I love origin stories.
David Brown, Techstars CEO and co-founder, just updated his and published a new edition of No Vision All Drive. It’s the story of Pinpoint Technologies, his first company with David Cohen, one of the other co-founders of Techstars.
As an origin story, it’s a detailed autobiography of what David learned from the experience of his first company. In this edition, he’s added some linkages into Techstars, and how his learning around entrepreneurship and leadership has evolved since the experience of Pinpoint.
I’ve read the book three times (for each edition – the self-published 1st edition, the FG Press 2nd edition, and the Techstars Press 3rd edition) and I learned lots about David Brown – and David Cohen – each time. In addition to plenty of fun little anecdotes, my current experience with the David(s) nicely intertwined with what I was reading, as I was able to time travel back to them during their formative entrepreneurial experience.
No Vision All Drive is particularly fun for me since the time frame overlapped with my first company – Feld Technologies. There are great overlaps like incorporating with The Company Corporation (for $99), remembering the joy of Btrieve, struggling with Microsoft Access with significant simultaneous users and endlessly rebuilding the database (Rome was lost for a simple reindex), and working through the endless issues around growth for a self-funded business.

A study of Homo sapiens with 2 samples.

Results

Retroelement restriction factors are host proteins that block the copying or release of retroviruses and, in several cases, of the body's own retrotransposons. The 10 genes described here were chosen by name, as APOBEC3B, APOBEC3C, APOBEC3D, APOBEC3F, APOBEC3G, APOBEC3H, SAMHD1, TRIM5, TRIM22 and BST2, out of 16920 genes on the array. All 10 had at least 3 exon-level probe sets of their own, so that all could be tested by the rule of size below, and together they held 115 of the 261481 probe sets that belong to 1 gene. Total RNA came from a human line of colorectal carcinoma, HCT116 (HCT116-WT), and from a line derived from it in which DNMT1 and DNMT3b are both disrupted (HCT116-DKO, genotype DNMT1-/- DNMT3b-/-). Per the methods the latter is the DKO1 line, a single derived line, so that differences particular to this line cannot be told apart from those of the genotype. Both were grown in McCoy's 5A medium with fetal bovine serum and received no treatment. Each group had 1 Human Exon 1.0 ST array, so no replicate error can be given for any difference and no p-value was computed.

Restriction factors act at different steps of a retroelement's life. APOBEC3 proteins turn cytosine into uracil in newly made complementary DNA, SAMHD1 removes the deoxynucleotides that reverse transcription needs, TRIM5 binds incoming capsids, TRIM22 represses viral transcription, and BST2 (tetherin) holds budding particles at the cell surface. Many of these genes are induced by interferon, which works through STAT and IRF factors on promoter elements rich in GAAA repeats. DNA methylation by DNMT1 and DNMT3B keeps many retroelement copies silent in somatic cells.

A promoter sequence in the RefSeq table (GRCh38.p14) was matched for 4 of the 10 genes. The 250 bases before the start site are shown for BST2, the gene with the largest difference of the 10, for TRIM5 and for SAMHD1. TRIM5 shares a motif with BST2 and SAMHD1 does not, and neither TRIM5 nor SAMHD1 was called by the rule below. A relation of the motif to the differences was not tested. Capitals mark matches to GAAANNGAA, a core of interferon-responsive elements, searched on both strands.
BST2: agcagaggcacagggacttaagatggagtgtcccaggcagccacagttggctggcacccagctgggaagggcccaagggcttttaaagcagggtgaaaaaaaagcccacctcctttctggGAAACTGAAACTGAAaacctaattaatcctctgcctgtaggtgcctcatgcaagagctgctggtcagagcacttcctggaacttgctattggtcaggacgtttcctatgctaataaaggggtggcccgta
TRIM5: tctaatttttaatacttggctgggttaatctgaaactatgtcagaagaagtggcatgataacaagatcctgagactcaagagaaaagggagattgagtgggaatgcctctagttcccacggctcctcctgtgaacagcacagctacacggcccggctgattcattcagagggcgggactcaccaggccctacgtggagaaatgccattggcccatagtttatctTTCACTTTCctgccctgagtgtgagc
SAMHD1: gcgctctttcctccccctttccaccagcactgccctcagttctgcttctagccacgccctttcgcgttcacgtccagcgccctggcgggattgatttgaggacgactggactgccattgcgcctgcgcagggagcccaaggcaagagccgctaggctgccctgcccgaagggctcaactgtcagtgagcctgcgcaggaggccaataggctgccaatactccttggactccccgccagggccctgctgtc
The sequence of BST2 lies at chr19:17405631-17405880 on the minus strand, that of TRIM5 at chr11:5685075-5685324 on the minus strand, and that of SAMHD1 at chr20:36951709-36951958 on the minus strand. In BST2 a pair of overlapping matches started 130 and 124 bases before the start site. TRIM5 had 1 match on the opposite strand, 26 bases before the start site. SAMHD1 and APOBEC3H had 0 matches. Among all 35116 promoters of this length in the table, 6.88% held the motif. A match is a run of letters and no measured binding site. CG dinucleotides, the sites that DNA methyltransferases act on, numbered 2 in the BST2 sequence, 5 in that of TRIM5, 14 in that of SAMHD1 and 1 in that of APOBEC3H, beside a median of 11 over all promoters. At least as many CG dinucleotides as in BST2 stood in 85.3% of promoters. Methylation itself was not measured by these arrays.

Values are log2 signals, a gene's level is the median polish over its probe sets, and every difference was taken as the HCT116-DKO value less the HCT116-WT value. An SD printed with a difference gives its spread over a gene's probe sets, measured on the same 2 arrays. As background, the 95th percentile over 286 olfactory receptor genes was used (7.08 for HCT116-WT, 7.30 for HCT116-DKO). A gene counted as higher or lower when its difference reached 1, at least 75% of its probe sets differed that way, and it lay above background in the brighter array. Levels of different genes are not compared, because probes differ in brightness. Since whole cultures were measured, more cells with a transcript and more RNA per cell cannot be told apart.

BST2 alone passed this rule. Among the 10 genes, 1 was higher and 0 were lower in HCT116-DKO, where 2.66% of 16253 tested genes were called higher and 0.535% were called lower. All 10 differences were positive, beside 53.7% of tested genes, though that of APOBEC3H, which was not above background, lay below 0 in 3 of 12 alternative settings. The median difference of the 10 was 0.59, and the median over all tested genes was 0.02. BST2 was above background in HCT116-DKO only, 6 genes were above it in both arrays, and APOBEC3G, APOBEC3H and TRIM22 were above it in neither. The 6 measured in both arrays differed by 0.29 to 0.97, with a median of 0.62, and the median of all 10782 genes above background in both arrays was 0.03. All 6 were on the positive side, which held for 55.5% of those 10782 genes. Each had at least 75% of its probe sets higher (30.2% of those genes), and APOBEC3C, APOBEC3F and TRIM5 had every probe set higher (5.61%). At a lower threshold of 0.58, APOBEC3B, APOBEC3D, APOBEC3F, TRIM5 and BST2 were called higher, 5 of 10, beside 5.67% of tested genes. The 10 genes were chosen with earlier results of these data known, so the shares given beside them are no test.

As a bonus, I finished Sweating Bullets: Notes about Inventing PowerPoint by Robert Gaskins. This was the origin story of PowerPoint and Forethought, the first acquisition Microsoft ever made. It’s long, but as Gaskins rolled through the Forethought history in the mid-1980s and then his time at Microsoft from 1987 – 1993, I was able to once again time travel back to Feld Technologies, which was an independent company from 1987 to 1993 (when we were acquired by Sage Alerting Systems, which became AmeriData Technologies.)
While I’m not inspired to write the Feld Technologies origin story at this point, it’s a lot of fun to remember it, against the backdrop of what others were doing at the time. And, I know David Brown a little bit better today than I did yesterday.